Many good things have either landed in 2018 in Pythonland, or have overcome their growing pains. Here are my personal favourites:
A Jupyter Notebook is a web application to execute Python (and other languages) and view the results in-line including graphs, prettified tables, and markdown-formatted prose. It also automatically saves intermediate results (similar to a REPL), allows exporting to many formats, and has a hundred other features. For a deeper dive, see my PyCon talk. Jupyter Notebooks are very widely used in the community, especially those in research and scientific fields. The Jupyter team very justifiably won the 2017 ACM Software System Award.
JupyterLab is an exciting improvement over traditional Jupyter notebooks. It includes some compelling features like cell drag-and-drop, inline viewing of data files (like CSV), a tabbed environment, and a more command-centered interface. It definitely still feels like a beta, with some glitches in Reveal.js slide export functionality and cell collapse not working as expected. But on the whole it’s a perfect example of a good tool getting even better and growing to fit the sophistication of its users.
mypy, a static type checking tool for Python, has existed for a while. However, it has gotten really good this year, to the point where you can integrate it into your production project as part of git hooks or other CI flow. I find it an extremely helpful addition to all codebases, catching the vast majority of my mistakes before I write a single line of test code. It’s not without pitfalls however. There are many cases where you have to make annotations that feel burdensome
__init__(self, *args) -> None
and other behaviour which I view as just strange. The lack of typeshed files for many common modules¹ such as:
continues to be an issue in integrating this into your CI system without significant configuration. The
— ignore-missing-imports option becomes basically mandatory. In the future, I hope that it becomes a community standard to provide typeshed files for all modules intended to be used as libraries.
I’m really excited about Pipfiles! Pipfiles are an implementation of PEP508, which motivates a replacement dependency-management system to
The top-level motivation is that dependency management with
requirements.txt seem to be well-known in the community, the closest article I’ve seen to an enumeration is this post. I recommend a read, but here is a TLDR:
There is no standard for
requirements.txt: is it an enumeration of all primary and secondary dependencies, or just the strict requirements? Does it include pinned versions? Additionally, splitting out development-time requirements is very ad-hoc². Different groups do different things, which makes reproducible builds a problem.
Keeping the list of dependencies up to date required
pip install $package followed by
pip freeze > requirements.txt, which was a really clunky workflow with a ton of problems.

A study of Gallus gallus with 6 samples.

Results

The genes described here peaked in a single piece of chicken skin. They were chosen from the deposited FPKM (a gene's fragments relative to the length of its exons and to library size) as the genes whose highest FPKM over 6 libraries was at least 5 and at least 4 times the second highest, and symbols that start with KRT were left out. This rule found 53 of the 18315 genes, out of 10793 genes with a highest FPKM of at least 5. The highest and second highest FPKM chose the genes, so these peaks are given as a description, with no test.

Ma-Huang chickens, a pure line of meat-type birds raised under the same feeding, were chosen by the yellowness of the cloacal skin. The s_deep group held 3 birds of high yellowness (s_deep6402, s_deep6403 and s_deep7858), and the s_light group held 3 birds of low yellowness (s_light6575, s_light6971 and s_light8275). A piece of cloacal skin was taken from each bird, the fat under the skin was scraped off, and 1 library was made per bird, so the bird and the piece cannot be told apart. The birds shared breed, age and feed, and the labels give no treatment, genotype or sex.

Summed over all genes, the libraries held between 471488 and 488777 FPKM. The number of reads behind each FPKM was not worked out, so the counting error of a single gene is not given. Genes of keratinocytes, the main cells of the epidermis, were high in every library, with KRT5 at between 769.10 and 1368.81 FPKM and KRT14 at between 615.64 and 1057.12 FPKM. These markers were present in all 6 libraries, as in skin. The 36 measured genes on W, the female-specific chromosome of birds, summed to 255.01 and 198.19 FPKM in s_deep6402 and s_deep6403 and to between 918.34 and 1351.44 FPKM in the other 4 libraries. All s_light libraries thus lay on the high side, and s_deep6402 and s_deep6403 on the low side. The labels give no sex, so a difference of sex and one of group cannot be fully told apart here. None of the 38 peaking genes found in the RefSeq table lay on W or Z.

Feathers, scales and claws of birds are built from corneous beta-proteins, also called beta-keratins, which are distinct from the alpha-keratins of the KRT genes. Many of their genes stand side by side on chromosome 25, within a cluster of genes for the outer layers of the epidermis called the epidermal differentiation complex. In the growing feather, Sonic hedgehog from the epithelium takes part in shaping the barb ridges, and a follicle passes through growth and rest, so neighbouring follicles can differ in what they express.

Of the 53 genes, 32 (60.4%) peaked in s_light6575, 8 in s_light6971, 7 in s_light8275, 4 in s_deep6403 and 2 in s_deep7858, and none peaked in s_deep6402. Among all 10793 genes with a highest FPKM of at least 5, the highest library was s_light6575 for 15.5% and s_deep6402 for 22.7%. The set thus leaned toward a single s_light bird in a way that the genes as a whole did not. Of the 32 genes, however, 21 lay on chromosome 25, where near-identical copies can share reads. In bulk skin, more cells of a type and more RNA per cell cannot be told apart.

The development-management ecosystem consists of three tools and standards (
requirements.txt) which do not interop cleanly. Since you’re trying to accomplish a single task, why isn’t there a single tool to help?
Pipenv creates a virtualenv automatically, installs and manages dependencies in that virtualenv, and keeps the
While the idea is great, using it is very cumbersome. I’ve run into many issues using it in practice and often have to fall back on the previous way of doing things — using an explicit virtualenv for example. I also found that locking is very slow (a problem partially stemming from the
setup.py standard, which is the source of many other issues in the tooling ecosystem).
f-strings are fantastic! Many others have written about the joy of f-strings, from their natural syntax to the performance improvements they bring. I see no reason to repeat these points, I just want to say it’s an amazing feature that I have been using regularly since they landed.
An annoyance they introduce is the dichotomy between writing
print statements and
logging statements. The
logging module is great, and by default does not format strings if that log message is turned off. So you might write:
x = 3
Which would print
x=3 if the log-level is set to
DEBUG, but would not even perform the string interpolation if the log-level is set higher. This is because
logging.debug is a function, and the strings are passed as arguments. You can see how it works in the very readable C source code. However, this functionality disappears if you write the following:
x = 3
The string interpolation happens regardless of log-level. This makes sense at a language-level, but the practical consequences are irritating in my natural workflow. I write
print statements first when debugging my code, and when it looks like everything is right I transform them into
logging statements later. So each print statement has to be manually rewritten to fit the different type of string interpolation. I don’t have a good idea of how to solve this problem, but I want to point it out as I haven’t seen anyone else write about this particular problem.